Palm Partnership Training
Building a Partnership with Your Horse
Any time you are getting into a different discipline, it is important to know what tack is allowed in competition. The smart rider will research ahead of time to learn all the rules about what tack is permitted and what is not.
I recommend practicing at home with the tack you plan to use at the show. This is so important! Train with at home the bridles, bits, and saddles/pads that you would use at a show. This allows you and your horse to be familiar with the tack and helps avoid unpleasant surprises on show day.
Most people will have a nice show saddle that fits the horse and rider, but never use it unless they are at a show. Instead of using their “good” saddle at home to school and practice in, they may have a “working” saddle, but one of poor quality that does not fit the horse and rider. If you want to ride well you have to have properly fitting tack for you and your horse. Properly fitting tack will allow you to have better balance in the saddle.
Bits are another topic. Some people will train at home with a milder bit and use a harsher bit at the show. I advise against this practice because it will only cause problems. When a horse goes to a show, he is in new and unfamiliar surroundings. A new place will always make a horse more sensitive. Using a more severe or responsive bit to get control of a horse who is more reactive at a show will only intensify the horse’s reactions even more.
Keep the same bit and use the mildest bit possible to promote relaxation. A relaxed mouth will always give you a more responsive horse.
The Western Dressage Association of America is very new, only a few years old. The association just released their rules a few months ago, which you can find at their website, http://westerndressageassociation.org/. Please refer to page 14 through 17 for all the tack and attire rules. Let’s summarize what tack is required:
Headstalls and Bits
Western headstalls – a western cavesson is optional
Smooth snaffles, 3-piece smooth snaffles, or mullen mouthpiece bits are allowed. Use the snaffle for any level test and all ages of horses. Snaffles are ridden with two hands.
Hackamore (bosal) can be used in Introductory and Basic Levels only.
Curb bits can be used on any age of horse and any level. They can be ridden with two hands. If you refer to the tack rules, you will find the specific sizes and types of bits that are legal. (You should also review the section on illegal bits so you don’t use the wrong one.)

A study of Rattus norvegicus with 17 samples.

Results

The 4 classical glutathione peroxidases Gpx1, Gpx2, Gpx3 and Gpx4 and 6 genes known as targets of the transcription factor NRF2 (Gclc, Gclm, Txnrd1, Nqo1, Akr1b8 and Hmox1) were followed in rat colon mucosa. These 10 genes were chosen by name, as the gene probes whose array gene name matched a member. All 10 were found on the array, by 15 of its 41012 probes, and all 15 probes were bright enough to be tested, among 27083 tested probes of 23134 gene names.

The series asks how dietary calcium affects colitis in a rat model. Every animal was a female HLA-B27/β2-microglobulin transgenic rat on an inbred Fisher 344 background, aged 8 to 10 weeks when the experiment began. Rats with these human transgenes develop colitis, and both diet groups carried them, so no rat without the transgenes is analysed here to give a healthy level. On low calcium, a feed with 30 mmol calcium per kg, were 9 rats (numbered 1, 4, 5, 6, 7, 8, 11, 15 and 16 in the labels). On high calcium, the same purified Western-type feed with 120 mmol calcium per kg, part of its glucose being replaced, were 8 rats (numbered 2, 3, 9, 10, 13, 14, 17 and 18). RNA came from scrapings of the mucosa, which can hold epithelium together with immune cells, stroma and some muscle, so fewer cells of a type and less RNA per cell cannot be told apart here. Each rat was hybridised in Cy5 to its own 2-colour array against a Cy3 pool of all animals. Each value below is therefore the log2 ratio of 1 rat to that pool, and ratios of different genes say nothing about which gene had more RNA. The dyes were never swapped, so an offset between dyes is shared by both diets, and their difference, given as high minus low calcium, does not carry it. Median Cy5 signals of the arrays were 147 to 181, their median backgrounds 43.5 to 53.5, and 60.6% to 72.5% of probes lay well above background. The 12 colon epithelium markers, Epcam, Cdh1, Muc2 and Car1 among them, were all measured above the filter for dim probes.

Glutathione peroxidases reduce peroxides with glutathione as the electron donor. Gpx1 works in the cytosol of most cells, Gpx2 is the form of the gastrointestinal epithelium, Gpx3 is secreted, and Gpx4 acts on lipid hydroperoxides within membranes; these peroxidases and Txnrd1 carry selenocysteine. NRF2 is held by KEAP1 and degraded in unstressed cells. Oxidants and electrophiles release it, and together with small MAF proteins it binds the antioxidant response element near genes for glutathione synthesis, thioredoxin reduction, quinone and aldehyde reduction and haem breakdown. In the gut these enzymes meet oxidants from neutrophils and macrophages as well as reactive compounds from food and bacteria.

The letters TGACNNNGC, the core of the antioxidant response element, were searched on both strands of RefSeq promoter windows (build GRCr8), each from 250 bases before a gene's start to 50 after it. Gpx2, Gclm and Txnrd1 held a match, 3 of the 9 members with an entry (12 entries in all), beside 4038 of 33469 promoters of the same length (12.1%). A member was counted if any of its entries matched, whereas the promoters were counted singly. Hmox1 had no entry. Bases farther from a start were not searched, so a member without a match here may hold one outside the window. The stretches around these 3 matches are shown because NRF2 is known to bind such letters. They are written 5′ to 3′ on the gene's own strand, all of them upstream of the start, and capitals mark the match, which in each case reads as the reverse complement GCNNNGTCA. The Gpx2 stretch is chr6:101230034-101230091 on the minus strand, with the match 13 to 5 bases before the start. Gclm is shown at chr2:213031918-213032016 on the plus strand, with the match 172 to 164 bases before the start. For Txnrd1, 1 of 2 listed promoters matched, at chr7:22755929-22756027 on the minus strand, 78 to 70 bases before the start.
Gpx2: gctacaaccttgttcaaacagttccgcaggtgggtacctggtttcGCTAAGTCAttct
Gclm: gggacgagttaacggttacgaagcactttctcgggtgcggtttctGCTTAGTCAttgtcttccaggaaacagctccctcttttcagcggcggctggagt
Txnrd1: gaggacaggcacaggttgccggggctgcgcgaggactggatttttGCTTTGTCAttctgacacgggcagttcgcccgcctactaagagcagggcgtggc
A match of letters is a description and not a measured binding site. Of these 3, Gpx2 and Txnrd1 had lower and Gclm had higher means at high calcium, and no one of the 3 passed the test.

Saddles and Whips
Western saddles that are permitted include stock saddles, work saddles, Aussie, or native or side saddle can be used. Silver on saddles will not count over good working equipment. A horn on the saddle is not required.
Whips are allowed no longer than 47.2″.
Check out the section on illegal equipment, as it shows other miscellaneous Western tack that it not permitted.
I have worked for more than 25 years with a family-owned saddle maker company from North Carolina called Phil Harris Leather. I have developed a western dressage schooling and/or show saddle for us ladies of light weight (under 130 lbs). It has a Quarter Horse tree that will fit most breeds of horses and has wonderful balance. If you would like to see what it looks like you can visit my website at www.lynnpalm.com. It takes about three months to receive a saddle once you’ve ordered one because they are all handmade, and the Phil Harris saddles are very popular. If you would like to try one of our test ride saddles, I would be more than happy to send you one.
If I can help you with any tack questions or fit, please email me at email@example.com. Now, get out there and try a western dressage test to get your feet wet. I know that if you do, you will love it!
Also, we would love to have you come ride with us. We love to share our dressage backgrounds and knowledge with you. You can join us at our Ocala, Florida, farm or at one of our Ride Well Clinics on our USA Tour at a location near you.
If you would like to train with Lynn & Cyril at home with Western Dressage, take advantage of the following supportive training materials:
Books: Head To Toe Horsemanship Western Dressage—A Guide to Take You to Your First Show A Rider Guide to Real Collection
DVDs: “Dressage Principles for the Western Horse & Rider” Volume 1 Parts 1-5 “Dressage Principles for the Western & English Horse & Rider” Volume 2,Parts 1-3 “Let Your Horse Be Your Teacher” Parts 1&2
For more information about training courses, educational materials and much more, please visit www.lynnpalm.com or call 800-503-2824.